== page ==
FROM Mark Lopez
The Port of Los Angeles' Pollution Problem Ten years ago, the Port of Los Angeles signed a court-ordered agreement to reduce air pollution at a massive new terminal. Ships tied at the dock were supposed to turn off their diesel engines and plug in to onshore electricity. Trucks taking cargo up the Alameda Corridor were required to use natural gas. But Mayor Antonio Villaraigosa told Port Director Geraldine Knatz to be "flexible," and she was -- with an important customer, China Shipping. The new rules were not put into effect. Last year, Mayor Eric Garcetti appointed Gene Seroka the new port director, and he's in charge of setting things right.
Human Rights in the era of Donald Trump President Trump’s UN Ambassador, Nikki Haley, said today the US might pull out of the United Nations’ Human Rights Council. Serious violators of human rights are members of the Council itself–and a US resignation could make things worse. Later on today’s show, now that he’s into his second term, comedian turned US Senator Al Franken is telling jokes again.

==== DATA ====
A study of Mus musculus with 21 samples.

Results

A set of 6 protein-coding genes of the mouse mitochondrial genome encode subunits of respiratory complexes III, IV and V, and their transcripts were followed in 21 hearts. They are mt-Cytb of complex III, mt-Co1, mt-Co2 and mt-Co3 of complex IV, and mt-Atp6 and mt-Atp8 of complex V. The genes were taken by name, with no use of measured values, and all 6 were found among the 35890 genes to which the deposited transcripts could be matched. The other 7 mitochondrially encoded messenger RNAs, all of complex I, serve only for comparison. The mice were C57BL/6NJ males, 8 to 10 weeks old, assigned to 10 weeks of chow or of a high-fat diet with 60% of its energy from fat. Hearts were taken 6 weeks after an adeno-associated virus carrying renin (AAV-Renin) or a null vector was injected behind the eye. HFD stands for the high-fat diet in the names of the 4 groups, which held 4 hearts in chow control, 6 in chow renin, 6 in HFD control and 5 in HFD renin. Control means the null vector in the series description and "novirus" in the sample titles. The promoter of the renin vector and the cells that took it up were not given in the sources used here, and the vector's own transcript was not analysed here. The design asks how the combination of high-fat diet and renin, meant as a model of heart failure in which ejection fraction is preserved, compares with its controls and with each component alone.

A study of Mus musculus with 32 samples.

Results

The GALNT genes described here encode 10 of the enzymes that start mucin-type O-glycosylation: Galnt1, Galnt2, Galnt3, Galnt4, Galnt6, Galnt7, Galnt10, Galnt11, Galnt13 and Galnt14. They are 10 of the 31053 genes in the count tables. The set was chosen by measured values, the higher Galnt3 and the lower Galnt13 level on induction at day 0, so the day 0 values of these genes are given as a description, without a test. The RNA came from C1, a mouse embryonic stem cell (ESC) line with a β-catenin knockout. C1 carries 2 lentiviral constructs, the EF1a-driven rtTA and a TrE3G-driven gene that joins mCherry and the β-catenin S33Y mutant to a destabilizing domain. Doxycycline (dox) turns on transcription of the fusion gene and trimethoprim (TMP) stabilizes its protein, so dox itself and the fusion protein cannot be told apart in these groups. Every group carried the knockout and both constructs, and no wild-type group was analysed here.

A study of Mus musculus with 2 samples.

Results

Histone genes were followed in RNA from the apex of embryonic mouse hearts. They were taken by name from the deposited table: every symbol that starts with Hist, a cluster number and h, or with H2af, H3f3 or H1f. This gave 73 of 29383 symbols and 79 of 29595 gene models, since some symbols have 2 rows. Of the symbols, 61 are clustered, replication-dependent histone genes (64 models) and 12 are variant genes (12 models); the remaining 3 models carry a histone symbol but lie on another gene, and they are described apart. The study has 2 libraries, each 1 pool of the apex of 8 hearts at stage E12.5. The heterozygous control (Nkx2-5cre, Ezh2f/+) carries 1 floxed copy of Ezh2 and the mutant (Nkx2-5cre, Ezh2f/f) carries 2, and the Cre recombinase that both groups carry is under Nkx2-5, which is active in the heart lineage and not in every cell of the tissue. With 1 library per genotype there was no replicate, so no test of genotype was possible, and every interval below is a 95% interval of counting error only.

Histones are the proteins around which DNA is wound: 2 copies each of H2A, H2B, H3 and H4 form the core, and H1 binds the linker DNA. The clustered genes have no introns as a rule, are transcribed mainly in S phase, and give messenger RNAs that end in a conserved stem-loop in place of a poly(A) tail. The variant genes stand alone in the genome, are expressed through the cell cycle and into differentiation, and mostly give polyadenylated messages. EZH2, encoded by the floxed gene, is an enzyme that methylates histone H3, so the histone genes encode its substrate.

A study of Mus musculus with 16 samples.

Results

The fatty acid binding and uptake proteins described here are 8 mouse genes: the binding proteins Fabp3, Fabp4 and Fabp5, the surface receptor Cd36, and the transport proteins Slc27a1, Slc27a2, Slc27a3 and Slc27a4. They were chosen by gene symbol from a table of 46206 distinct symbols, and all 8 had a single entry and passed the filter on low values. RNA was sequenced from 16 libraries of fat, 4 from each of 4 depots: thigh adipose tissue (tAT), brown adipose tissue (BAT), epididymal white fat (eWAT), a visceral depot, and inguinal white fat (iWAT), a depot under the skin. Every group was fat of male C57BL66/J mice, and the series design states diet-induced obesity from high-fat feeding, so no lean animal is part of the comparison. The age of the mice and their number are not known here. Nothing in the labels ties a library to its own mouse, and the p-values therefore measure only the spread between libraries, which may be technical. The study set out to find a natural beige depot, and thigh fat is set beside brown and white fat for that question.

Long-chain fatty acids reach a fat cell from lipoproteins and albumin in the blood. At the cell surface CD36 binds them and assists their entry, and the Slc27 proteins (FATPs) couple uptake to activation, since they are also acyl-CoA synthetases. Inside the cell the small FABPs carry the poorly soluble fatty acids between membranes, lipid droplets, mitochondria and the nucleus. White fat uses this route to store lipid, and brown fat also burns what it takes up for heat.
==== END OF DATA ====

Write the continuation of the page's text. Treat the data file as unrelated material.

Who's to blame for the opioid crisis? Some of the lawyers who took on Big Tobacco are now going after Big Pharma. It’s all about the deadly epidemic of opioid use. Are the drug companies to blame? What about the users? Later, on today’s Talking Point: making sense of Britain’s upset election.
Janesville and the American Dream Janesville, Wisconsin is the hometown of Republican House Speaker Paul Ryan. But he couldn’t prevent the closing of the General Motors factory after 100 years. On this Memorial Day rebroadcast of To the Point, we hear what’s happened to what once was a model of American middle-class unity.
Terrorism and tweets, hate speech and murder Just days before an election, Britain is coping with a rash of deadly terrorism, and Prime Minister Theresa May is on the defensive. And again today, President Trump has tweeted criticism of the Mayor of London. Later, a double murder in Portland, Oregon has revealed the ugly past of a supposedly “progressive” city. One immediate question: is “hate speech” protected by the First Amendment?